The holidays can be tough for children of divorce.
Children are the real victims of conflict between their parents in divorced families. Like everyone involved, they are going through pain, grief, anger, and fear. Adults, however, are better equipped to check such emotions and work side-by-side. The courts encourage a system of shared parenting, which fosters the concept of putting the child’s best interests ahead of the parents’ needs.
With this goal in mind, following a parenting plan that allows both parents some quality family time over the holidays can help children grow into healthy, happy, whole people.
Divorce doesn’t mean that family traditions and holiday practices must end. Celebrating the holidays is critical to maintaining a sense of connectedness both during and after a divorce. But in divorced families, it can be a source of conflict. Through mediation, parents can make informed decisions about their visitation schedules so that their children can thrive in a similar lifestyle to which they had belonged before their parents decided to divorce.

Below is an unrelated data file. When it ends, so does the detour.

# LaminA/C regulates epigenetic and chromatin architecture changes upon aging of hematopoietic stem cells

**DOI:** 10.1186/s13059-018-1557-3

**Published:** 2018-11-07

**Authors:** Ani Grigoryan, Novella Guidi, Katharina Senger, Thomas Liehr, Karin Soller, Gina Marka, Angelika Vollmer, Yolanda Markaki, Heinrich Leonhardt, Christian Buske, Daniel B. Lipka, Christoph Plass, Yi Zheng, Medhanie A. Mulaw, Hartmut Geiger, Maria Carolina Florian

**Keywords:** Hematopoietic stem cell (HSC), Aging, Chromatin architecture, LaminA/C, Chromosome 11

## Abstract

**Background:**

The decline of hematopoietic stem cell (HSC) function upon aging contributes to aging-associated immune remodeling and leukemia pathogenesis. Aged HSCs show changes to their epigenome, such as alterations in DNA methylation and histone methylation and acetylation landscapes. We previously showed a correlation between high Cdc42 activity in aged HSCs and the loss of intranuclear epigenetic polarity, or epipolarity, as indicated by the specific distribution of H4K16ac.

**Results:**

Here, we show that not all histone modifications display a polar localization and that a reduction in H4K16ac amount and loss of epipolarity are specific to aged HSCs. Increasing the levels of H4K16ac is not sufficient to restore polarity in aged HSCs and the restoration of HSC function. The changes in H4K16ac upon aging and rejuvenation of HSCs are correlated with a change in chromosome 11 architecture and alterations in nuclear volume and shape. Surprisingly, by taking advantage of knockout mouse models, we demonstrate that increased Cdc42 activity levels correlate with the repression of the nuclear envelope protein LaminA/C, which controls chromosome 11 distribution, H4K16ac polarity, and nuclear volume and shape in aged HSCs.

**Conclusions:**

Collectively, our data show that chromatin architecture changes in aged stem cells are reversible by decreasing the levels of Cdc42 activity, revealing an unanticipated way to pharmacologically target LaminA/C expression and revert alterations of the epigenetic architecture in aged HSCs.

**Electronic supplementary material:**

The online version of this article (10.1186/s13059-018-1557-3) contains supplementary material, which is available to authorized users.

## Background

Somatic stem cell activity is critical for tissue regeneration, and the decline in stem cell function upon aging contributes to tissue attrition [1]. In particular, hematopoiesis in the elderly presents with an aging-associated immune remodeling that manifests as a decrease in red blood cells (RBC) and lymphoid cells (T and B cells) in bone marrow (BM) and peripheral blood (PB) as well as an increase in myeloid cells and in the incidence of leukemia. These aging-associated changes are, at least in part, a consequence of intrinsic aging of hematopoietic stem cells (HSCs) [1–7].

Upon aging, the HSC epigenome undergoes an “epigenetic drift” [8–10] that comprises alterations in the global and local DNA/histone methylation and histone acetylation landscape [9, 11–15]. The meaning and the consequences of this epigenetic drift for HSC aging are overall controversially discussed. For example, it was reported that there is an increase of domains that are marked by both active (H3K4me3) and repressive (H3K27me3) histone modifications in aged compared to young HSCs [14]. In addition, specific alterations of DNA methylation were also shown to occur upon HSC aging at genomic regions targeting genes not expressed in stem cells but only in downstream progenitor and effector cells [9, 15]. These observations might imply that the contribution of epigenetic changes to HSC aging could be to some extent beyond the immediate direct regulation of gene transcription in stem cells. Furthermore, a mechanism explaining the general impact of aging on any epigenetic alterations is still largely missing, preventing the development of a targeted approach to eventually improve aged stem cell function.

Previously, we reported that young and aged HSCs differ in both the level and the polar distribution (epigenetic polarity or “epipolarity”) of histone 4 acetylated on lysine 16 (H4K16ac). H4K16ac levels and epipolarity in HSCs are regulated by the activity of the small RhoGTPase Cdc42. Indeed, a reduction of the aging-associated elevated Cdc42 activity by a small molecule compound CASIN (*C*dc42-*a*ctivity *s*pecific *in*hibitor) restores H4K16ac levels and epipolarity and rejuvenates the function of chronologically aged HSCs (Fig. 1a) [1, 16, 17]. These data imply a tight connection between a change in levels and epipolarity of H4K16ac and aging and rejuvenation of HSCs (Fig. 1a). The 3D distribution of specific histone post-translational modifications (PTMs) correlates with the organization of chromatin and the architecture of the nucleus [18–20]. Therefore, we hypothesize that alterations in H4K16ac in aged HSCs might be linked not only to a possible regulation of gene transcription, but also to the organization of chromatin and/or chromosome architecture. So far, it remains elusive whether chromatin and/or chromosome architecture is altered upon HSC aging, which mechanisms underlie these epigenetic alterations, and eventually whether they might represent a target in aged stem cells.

For visitation to work, both parents need to accept and acknowledge that their children have two homes – one with their father and one with their mother, even if they don’t spend equal time there. As a mediator, I understand the importance of dividing holidays so that time-honored holiday traditions can continue to be a part of children’s lives.
May the holiday season bring you much happiness and peace. If you would like to talk me us about your situation, please contact me for a free telephone consultation.